Unless you’ve been living under a rock, chances are you’ve heard about how important credit scores are. Your credit score is what helps lenders determine how much money they can lend you with the least risk involved. This means that if you have a poor credit score, it would be close to impossible to take out loans you may need for big purchases like a house, an investment property, or a car.
The standard that is most commonly used by lenders around the country was created by data analytics company FICO, who fixed the score range at 300 to 850. Last year, FICO revealed that the national average credit score was at an all-time high, peaking at 704. This positive development comes from an increased awareness about credit scores, which translates to responsible credit maintenance.
Generally, a credit score above 700 is considered good and can likely get consumers what they want to borrow. Anything above 760 is excellent and takes more work and monitoring to achieve. Whether you’re trying to reach that high standard or are simply looking to boost your credit score, it’s important that you understand the biggest factors that affect it, as listed below:
Your bill payment history accounts for more than 1/3 of your credit score. This makes sense, as lenders are tasked to determine if you can pay back the funds that are loaned to you in full and on time. Things to consider in your payment history are how often you miss payments or submit them late. If your account has been flagged and sent to collections, this is a warning signal to the lender that you’re not a responsible credit user.
Thankfully, the late payment you made a decade ago won’t count for much today. That being said, you should never take credit payments for granted. If you aren’t already, keep a record of which monthly bills you have to pay and when they are due. Marcus’ guide to credit dos and don’ts emphasizes the importance of paying all your bills on time, as this can help improve your score by as much as 35% if your payment history is great. A useful trick is to add some extra pressure by adjusting the deadline you write down to one or two days before the actual deadline. No matter what your pending obligations are, the best time to start improving your payment history is today.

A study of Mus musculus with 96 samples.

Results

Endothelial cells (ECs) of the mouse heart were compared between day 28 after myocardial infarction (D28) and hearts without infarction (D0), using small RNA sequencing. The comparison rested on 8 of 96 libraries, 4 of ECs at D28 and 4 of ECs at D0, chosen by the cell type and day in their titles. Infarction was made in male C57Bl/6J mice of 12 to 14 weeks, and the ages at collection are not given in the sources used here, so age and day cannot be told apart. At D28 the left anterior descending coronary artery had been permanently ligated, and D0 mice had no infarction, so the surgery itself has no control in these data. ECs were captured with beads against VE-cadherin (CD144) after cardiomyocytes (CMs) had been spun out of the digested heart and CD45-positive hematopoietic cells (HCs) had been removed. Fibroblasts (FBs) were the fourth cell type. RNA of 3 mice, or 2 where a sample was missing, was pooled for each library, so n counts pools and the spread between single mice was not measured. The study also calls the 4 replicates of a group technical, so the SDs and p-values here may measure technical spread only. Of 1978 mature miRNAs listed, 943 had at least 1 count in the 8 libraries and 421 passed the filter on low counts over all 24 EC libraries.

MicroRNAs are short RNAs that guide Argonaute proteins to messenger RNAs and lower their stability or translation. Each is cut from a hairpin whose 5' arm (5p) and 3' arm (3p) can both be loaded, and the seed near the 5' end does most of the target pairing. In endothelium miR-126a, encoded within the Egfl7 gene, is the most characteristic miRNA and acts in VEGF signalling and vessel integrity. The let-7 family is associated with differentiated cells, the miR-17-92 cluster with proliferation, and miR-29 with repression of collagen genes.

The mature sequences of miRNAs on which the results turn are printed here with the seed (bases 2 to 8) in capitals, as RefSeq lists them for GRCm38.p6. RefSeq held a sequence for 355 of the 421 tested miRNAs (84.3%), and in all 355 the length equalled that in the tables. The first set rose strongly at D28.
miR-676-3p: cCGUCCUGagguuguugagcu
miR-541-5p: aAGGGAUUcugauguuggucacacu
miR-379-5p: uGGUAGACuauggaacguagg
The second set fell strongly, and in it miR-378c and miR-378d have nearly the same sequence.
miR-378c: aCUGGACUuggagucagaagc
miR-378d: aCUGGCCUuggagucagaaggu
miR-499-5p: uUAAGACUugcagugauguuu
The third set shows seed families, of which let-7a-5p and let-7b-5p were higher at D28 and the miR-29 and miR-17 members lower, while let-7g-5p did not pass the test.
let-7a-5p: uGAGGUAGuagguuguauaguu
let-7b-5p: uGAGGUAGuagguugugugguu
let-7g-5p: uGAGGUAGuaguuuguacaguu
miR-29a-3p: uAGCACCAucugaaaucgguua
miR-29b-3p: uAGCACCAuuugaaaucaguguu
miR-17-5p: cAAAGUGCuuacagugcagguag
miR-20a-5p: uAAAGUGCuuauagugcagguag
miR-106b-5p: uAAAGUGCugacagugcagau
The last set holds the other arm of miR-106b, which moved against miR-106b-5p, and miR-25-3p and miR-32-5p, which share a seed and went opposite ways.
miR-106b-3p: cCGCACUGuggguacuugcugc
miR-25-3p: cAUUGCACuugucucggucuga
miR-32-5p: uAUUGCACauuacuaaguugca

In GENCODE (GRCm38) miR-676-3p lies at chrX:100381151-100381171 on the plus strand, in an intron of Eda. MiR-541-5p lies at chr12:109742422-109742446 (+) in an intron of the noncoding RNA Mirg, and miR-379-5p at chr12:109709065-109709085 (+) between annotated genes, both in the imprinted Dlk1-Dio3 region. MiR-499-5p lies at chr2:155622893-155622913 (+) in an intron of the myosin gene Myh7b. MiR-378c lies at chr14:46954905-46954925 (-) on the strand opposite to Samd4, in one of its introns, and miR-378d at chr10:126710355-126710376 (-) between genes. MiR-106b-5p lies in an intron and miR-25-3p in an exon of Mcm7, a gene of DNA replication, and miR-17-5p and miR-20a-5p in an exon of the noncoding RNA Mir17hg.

Your level of debt affects 30% of your score. Here, lenders consider your credit utilization, which is the ratio of what you owe to your available credit limit. For instance, if your credit limit is $1,500 and you use your card to make a purchase worth $1,400, then you’ve almost maxed out your limit.
While that may be an extreme example, you don’t need to owe that much for it to affect your score. In fact, an article on The Balance notes that if the amount you owe is more than 30% of your available credit, it could have a negative impact on your overall credit score. This is why it’s important to maintain realistic credit utilization across all your accounts to show lenders that you’re a responsible borrower and won’t max out your limits at the first opportunity.
Length of Credit History
15% of your credit score will depend on how long you’ve actually used credit. You can’t have a high credit score if you’re new to credit, as credit history is necessary for lenders to glean information about your financial behavior. Plus, having a long credit history shows that you have experience managing credit.
Because of this factor, it’s often recommended that you leave your credit accounts open, even if you don’t need them. The age of these accounts on their own are enough to improve your credit score substantially.
New credit makes up 10% of your credit score and is evaluated based on the number of new accounts you’ve applied for. This doesn’t mean that you should be opening new accounts left and right, as this could actually hurt your overall score. Our correspondent at Mashvisor, Sylvia Shalhout, warns against applying for multiple new cards because this is seen as a red flag by lenders who consider it risky behavior. People who take lots of new credit within a short period of time are often viewed as being in financial trouble. Additionally, keep in mind that every new account you open lowers your average credit age and, in turn, your overall score.
Thus, be sure to limit the number of times you apply for new credit lines every year. Consider applying for a new account as a last resort — something that should only be explored after you’ve exhausted all other options.
Types of Credit
But it’s not all just about quantity. While it carries little weight — 10% to be exact — the variety of credit lines you have can significantly influence a lender’s decision. This is because borrowers with multiple types of credit are seen as less risky, as they are responsible enough to manage a variety of credit lines.
Upon Arriving’s guide to credit mixing lists the different types of credit you need to know about. These are the installment, revolving, and open lines of credit. Having a mix of these three types means having student loans, personal loans, and utility payments, among others. This variety shows that your credit lines are diverse and that you are good at managing different types of loans.
This article has been contributed by Sheila Witte.